You would be surprised at the number of answers that are given to this question. The traditional thought was a categorical NO, but in the past several years views have begun to change. The American College of Obstetricians and Gynecologists has changed their tune with regard to exercise during pregnancy as of 2002. So let’s take a look at the question a little closer.
Will it do me any good to exercise when I am pregnant? The short answer is yes. It appears that regular exercise improves fitness (Cochrane review 2010) and it decreases the risk of having an overly large baby (Obstetrics and Gynecology 2009). Additionally it decreases the likelihood of gestational diabetes (Diabetes Care 2011) and for women who have gestational diabetes is appears to improve their diabetes control (Diabetes 1991 and American Journal of Obstetrics and Gynecology 1989). It appears that exercising regularly may decrease some of the third trimester discomforts (Medical Science of Sports Exercise 1995) and daily yoga decreases labor discomfort (Complimentary Therapies in Clinical Practices 2008) and reduces stress (International Journal of Gynaecology and Obstetrics 2009).
Are there any problems with exercising while pregnant? There are some theoretical concerns regarding the potential to decrease the blood supply to the placenta and baby, preterm labor and potential trauma. Studies looking into this have yielded varying results. Here are several studies that look at the effects of exercise and possible effect of low birth weight (here, here, here, here, and here). Some studies show that exercise does not change birth weight (here, here, here, here, and here). And yet another shows that it might increase birth weight (here). In a large study that reviewed 18 prior studies it did not appear that exercise had a significant effect on maternal weight gain, birth weight, length of pregnancy, length of labor, or scoring of the infant at birth (Medicine and Science in Sports and Exercise 1991).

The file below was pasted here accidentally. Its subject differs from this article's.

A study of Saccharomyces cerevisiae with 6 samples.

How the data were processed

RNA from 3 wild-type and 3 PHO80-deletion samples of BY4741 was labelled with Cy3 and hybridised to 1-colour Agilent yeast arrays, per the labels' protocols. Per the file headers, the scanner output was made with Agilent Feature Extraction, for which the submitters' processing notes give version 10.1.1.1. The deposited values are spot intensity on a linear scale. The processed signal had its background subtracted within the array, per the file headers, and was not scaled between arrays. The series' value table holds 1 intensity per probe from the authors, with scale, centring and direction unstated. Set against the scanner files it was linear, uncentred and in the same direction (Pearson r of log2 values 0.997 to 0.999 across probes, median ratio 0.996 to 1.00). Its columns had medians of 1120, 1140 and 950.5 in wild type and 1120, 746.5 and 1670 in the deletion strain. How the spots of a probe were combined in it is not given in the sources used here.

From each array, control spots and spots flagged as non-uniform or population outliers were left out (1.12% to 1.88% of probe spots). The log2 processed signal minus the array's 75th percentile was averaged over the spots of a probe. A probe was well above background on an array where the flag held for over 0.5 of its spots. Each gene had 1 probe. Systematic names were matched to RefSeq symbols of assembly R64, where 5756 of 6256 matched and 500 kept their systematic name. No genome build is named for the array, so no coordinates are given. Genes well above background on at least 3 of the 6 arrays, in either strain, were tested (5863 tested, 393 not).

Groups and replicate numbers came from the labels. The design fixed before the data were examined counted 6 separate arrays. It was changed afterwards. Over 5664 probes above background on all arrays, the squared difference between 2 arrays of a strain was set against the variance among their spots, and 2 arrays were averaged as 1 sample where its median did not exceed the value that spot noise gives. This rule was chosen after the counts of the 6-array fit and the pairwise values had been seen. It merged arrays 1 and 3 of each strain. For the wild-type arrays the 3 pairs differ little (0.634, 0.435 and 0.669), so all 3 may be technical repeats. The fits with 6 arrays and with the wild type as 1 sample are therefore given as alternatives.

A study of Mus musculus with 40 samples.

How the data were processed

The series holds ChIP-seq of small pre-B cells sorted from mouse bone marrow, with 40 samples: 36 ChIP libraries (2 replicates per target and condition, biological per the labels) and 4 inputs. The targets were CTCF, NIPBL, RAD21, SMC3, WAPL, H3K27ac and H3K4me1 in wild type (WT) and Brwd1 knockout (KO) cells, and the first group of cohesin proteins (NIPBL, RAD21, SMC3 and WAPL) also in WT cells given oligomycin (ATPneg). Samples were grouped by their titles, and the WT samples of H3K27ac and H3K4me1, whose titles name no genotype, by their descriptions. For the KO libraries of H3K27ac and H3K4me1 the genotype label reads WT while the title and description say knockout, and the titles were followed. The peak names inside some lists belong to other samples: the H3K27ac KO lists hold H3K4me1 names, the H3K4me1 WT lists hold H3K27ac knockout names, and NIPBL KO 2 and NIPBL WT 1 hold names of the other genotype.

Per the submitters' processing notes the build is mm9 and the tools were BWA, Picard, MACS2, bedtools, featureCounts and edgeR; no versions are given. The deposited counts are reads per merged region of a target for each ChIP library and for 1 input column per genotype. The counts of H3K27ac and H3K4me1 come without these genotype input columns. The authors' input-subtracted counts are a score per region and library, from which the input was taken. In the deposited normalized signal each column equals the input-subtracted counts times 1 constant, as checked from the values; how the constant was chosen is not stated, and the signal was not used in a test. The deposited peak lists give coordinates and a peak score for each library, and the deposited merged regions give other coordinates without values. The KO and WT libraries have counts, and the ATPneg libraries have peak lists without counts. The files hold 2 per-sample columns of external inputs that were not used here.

What do I need to know to exercise safely? There are some very clear reasons NOT TO exercise and these are absolute: Pregnancy induced hypertension, Premature rupture of membranes, Incompetent cervix (or having had the surgery to keep the cervix closed), persistent second or third trimester bleeding, a baby that is not growing very well, preterm labor in this or a prior pregnancy (ACOG 2002). Additionally, if you have heart disease, uncontrolled high blood pressure, uncontrolled kidney disease, profound anemia, or uncontrolled diabetes you are probably better off without the exercise while you are pregnant. Generally the exercise you were doing prior to pregnancy can be continued. Here are some specific guidelines from DynaMed:
- sedentary women - walking, bicycling, stair climbing, aerobic dance, water aerobics or swimming for 65-75% of maximum heart rate for 30 minutes 3 times/week
- recreational athletes/regular fitness exercisers - same as above plus running/jogging, dance, tennis at 65-85% of maximum heart rate for 30-60 minutes 3-5 times/week
- elite athletes - same as above plus some competitive activities depending on gestational age at 75-85% of maximum heart rate for 60-90 minutes 4-6 times/week
And of course, it goes without saying that you should probably avoid certain high risk activities such as contact sports (boxing, field hockey, football, rugby, ice hockey, martial arts, rodeo, soccer, wrestling), high risk sports (scuba diving, hang-gliding, parachuting, rock climbing, power lifting) and overly strenuous exercise that might lead to dehydration or hyperthermia.